San Diego Union Tribune
October 1, 2000
In recent years, the debate over nature versus nurture has gone decidedly natural. Overweight? Blame it on your genes. Addicted to drugs? It's those damn genes. Prone to depression or infidelity? Again, genetics.
Of course, not everybody buys into this notion. The idea that biology substantially influences behavior is not just controversial, but unsettling. Does this mean people aren't responsible for their choices and actions?
Well, yes and no, say Terry Burnham and Jay Phelan, authors of "Mean Genes." Human behavior, they contend, is largely the result of natural selection. For example, we tend to fritter away our money -- spending lots, saving little -- because evolution suggests that's a better survival mode.
Our hunting and gathering ancestors typically consumed all they could as often and as quickly as they could. Saving for a rainy day made no sense because food (the most valuable commodity of the time) didn't last; it either spoiled or somebody else ate it. Thus, no gene for prudence -- food, fiscal or otherwise.
On the other hand, humans clearly aren't "dumb" animals. We have large brains, from which a novel state of consciousness and free will arise. Unlike other species, we spend great amounts of our time pondering – and anguishing -- over choices. A dog doesn't fret about weight control. It eats until it can eat no more. A chimp, as far as primatologists can tell, never resolves to be less selfish.
But humans do these two things and more. Thus, the book's subtitle: "Taming Our Primal Instincts." According to Burnham and Phelan, a genetic predisposition toward chubbiness doesn't dictate a lifetime of shopping at the Big & Tall or Pretty & Plump. But it does suggest you might benefit from a better understanding of the links between biology and behavior.
That's where Burnham, a Harvard economist, and Phelan, a UCLA biologist, come in. "Mean Genes" is clearly intended to be the popular treatise on genetics, sociobiology and the yin-yang of nature and nurture. From its eye-popping purple-and-orange book jacket to their sassy, conversational prose, the authors work hard not merely to explain some rather difficult scientific concepts, but make them sound fun and trendy. This is self-improvement for the semi-cerebral.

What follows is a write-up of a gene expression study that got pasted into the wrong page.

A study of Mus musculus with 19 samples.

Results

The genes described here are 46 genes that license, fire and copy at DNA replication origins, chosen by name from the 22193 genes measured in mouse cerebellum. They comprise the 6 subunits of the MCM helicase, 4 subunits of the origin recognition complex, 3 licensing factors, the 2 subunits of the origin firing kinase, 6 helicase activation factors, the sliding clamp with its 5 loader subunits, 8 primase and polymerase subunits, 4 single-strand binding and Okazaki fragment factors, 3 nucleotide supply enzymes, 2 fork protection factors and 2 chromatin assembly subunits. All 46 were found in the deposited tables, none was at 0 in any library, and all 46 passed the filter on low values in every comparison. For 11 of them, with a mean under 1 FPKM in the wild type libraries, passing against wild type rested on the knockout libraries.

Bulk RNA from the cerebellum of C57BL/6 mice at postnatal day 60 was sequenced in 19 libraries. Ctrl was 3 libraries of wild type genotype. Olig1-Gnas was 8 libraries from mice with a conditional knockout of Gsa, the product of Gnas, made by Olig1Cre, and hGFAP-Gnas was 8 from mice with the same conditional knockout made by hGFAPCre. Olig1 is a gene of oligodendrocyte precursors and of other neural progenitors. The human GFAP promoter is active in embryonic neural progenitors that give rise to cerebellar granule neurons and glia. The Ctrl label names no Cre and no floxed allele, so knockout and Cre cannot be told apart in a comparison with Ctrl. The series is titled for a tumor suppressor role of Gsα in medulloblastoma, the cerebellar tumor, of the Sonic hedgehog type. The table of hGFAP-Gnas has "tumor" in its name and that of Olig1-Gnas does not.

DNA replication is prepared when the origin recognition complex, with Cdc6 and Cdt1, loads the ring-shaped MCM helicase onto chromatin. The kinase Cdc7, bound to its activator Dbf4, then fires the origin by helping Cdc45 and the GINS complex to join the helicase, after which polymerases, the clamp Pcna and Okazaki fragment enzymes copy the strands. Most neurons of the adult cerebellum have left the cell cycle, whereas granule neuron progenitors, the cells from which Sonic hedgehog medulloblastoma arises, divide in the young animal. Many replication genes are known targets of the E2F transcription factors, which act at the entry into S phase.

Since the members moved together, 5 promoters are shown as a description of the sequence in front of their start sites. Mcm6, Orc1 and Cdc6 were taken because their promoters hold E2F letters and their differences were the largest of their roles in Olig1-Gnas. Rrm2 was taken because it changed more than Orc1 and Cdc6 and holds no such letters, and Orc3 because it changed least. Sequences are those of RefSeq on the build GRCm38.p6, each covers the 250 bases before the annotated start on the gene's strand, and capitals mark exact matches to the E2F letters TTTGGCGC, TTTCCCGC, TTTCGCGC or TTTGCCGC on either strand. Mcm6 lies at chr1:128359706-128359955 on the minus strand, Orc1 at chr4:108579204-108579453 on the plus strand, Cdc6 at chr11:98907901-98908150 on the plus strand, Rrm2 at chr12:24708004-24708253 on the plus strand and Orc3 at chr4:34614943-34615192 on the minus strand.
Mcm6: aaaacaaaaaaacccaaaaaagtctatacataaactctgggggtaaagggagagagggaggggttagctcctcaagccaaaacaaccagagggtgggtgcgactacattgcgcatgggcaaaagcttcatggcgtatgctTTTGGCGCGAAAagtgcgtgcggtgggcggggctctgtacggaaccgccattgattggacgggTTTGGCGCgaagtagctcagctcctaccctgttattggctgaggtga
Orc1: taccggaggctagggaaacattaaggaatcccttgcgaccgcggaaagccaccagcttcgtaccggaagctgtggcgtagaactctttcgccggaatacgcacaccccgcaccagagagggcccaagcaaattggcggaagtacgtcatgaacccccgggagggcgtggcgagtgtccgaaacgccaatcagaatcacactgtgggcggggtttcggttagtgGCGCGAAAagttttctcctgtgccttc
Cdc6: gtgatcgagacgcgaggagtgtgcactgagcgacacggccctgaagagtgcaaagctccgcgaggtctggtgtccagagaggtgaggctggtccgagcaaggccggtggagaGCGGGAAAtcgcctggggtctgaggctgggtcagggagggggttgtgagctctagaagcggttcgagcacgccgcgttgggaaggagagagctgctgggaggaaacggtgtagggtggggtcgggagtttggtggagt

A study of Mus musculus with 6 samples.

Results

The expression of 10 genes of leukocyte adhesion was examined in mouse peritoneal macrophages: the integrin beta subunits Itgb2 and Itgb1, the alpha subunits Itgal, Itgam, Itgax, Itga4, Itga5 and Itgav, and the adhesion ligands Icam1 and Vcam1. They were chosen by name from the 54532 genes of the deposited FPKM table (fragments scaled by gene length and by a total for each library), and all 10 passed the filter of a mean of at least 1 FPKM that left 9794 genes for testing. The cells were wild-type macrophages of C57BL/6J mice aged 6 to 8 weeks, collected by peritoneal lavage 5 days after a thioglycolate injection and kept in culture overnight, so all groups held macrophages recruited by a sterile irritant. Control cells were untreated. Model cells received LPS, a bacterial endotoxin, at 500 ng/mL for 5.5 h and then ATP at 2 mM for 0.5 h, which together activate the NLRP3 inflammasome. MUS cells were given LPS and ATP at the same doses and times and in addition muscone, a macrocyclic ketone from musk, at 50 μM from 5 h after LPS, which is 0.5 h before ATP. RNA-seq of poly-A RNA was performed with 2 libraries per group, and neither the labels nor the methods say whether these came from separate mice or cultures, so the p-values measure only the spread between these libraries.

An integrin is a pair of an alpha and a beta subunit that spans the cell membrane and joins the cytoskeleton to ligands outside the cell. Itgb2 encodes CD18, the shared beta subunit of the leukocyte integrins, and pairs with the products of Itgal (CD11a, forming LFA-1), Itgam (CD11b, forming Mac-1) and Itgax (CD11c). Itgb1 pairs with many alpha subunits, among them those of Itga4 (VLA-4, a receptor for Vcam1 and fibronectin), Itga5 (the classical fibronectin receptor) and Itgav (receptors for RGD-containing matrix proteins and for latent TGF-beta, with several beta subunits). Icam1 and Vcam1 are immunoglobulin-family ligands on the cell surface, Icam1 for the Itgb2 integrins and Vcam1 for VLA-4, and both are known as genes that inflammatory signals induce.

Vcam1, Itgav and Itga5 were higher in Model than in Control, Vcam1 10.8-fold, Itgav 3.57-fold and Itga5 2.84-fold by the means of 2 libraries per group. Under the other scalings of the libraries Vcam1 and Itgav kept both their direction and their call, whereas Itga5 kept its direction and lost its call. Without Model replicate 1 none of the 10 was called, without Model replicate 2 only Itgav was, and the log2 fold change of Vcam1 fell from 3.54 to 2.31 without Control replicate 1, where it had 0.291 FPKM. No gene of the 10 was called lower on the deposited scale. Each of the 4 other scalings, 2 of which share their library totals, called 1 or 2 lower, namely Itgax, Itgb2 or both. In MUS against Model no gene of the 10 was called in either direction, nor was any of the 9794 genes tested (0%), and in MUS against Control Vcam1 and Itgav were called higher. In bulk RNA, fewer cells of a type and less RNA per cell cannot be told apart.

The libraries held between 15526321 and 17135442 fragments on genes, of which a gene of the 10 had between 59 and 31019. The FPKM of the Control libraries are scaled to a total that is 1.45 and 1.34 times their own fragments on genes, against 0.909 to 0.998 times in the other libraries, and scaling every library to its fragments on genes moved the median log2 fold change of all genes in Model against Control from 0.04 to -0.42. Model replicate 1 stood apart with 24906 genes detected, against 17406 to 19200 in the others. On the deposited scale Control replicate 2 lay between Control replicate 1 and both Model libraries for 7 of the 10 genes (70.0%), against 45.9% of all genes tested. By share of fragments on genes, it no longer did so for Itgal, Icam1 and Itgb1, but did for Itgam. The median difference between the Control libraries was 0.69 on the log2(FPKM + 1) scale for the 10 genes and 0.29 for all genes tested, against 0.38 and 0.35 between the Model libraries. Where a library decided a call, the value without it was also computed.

In the process, the genetic underpinnings of some pretty universal human conditions are revealed:
We are overweight because, in evolutionary terms, fat is good. Fat is energy stored for hard times. Early humans experienced lots of the latter, so any fat they acquired didn't last long. Modern humans don't often confront periods of extended hunger, or find themselves endlessly trekking across the savannah. As a result, our fat sticks around, accumulating.
Beauty isn't really defined by Madison Avenue or the fashion mavens. While details may vary with time and culture, the fundamental basis for what and who is beautiful are biologically based. In all societies and in both sexes, such aphrodisiacs as vigor, clear skin and symmetrical features are treasured. These suggest good genes and health, advertising their owner as an attractive mate.
Families are focal points for both the strongest bonds and most divisive conflicts. Shared genes reinforces the former, but it's not always enough to overcome individual interests. Conflict is a part of every human relationship, and sometimes the fiercest competition (for things like love or inheritance) comes from those closest to us.
The bottom line: Our genes influence us every day in almost every way. We are perpetually predisposed. This is a sobering thought, say the authors, but not necessarily an overwhelming one. Your life is still yours to fashion and mold. It just takes discipline and smarts -- provided you've been genetically endowed with enough of each.